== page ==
WHO/WPCA Global Atlas of Palliative Care

28th January 2014

The World Health Organization and the Worldwide Palliative Care Alliance today published the Global Atlas of Palliative Care at the End of Life. The Atlas is the first document to identify the need for and availability of palliative care globally.

Annually, it is estimated that over 20 million patients need palliative care at the end of life. This number rises to at least 40 million when we include those that could benefit from palliative care earlier in their care, including children, who make up 6% of this figure. As hospice and palliative care always includes care for multiple family members, the actual need is well over 100 million people each year.

At present approximately 3 million patients received palliative care in 2011, meaning that less than 10% of the need is currently being met. According to the Atlas, most palliative care is provided in high-income countries while almost 80% of the global need for palliative care is in low and middle-income countries.

Palliative care is whole person care for patients and families that have serious advanced illnesses provided by teams of professionals and community volunteers. About one third of those needing palliative care suffer from cancer, but most have non-cancer progressive illnesses like heart, lung, liver, kidney, brain, and other chronic and life threatening illnesses including HIV and drug resistant tuberculosis.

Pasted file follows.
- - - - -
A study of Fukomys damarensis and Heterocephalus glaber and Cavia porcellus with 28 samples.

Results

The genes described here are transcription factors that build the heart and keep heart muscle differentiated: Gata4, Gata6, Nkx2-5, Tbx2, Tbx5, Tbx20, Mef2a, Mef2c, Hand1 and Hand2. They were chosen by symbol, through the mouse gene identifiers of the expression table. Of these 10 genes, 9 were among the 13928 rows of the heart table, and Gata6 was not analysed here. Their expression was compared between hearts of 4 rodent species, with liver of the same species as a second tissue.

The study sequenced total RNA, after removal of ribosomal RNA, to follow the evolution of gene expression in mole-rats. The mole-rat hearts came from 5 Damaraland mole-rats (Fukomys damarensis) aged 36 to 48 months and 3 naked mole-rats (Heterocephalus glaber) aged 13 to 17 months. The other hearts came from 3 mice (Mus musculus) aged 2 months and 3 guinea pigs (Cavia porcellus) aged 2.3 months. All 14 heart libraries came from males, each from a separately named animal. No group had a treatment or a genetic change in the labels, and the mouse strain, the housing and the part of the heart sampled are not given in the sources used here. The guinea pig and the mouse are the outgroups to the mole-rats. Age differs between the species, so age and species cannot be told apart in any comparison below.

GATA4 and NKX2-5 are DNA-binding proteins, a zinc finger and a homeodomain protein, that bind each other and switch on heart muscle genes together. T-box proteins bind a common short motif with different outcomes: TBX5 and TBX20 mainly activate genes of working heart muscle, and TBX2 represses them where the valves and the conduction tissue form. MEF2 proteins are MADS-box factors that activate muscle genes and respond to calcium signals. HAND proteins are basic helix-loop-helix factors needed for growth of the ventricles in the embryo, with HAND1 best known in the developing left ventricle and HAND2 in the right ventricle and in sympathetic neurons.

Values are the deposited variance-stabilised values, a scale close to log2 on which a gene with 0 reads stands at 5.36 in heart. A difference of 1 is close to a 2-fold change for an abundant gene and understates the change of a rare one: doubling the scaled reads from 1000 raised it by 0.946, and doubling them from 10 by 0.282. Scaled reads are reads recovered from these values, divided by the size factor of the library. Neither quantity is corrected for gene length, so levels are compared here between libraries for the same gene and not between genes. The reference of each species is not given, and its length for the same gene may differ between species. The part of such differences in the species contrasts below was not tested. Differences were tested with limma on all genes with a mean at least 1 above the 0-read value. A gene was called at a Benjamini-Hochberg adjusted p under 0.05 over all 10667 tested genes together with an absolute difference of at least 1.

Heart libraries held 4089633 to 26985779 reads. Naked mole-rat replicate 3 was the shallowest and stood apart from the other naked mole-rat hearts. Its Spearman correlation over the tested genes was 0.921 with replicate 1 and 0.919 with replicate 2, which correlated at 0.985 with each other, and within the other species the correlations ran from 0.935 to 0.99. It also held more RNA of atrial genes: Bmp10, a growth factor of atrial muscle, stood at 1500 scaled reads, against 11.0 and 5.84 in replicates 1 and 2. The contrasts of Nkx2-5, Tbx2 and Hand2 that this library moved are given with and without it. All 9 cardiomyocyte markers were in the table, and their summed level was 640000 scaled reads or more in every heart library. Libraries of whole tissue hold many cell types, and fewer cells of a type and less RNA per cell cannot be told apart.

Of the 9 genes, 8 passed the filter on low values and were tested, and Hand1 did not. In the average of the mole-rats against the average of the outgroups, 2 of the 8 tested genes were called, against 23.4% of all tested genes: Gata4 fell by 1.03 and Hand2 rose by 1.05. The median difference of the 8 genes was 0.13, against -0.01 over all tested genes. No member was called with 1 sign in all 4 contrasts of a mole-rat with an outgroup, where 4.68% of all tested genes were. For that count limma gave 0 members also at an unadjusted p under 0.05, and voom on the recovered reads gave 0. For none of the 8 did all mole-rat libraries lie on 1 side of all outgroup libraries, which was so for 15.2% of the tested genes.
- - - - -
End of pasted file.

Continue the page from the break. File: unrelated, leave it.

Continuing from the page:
Only about 16,000 teams worldwide, most in developed countries, provide specialised palliative care. Just 20 countries (8%) have palliative care well integrated into their healthcare systems. The barriers to palliative care include:

  • lack of policies recognizing palliative care
  • lack of access to essential medicines especially pain relievers
  • lack of education for health care professionals and the public about the benefits of palliative care
  • lack of resources for the implementation of services.

“The Global Atlas of Palliative Care at the End of Life is an excellent tool to advocate for the inclusion of palliative in the global, regional and national health agendas,” Said Dr Oleg Chestnov, WHO Assistant Director General for non-communicable diseases & mental health.

The Atlas calls on countries to include palliative care as an essential component to every modern health care system. Governments must address barriers to palliative care provision so that the millions of adults and children with advanced illness that are enduring unnecessary pain and suffering each year can receive the care they need.

“What is also needed is for the global community to work together to help prevent early mortality from communicable and non-communicable diseases. Palliative care, while vital at the end of life, also has a key role to play in this prevention.” Added David Praill, Co-Chair of the WPCA.

The Atlas can be downloaded from www.thewpca.org/resources

For more information contact Atlas editors Dr Stephen Connor at WPCA [email protected] or Dr Cecilia Sepulveda at WHO [email protected].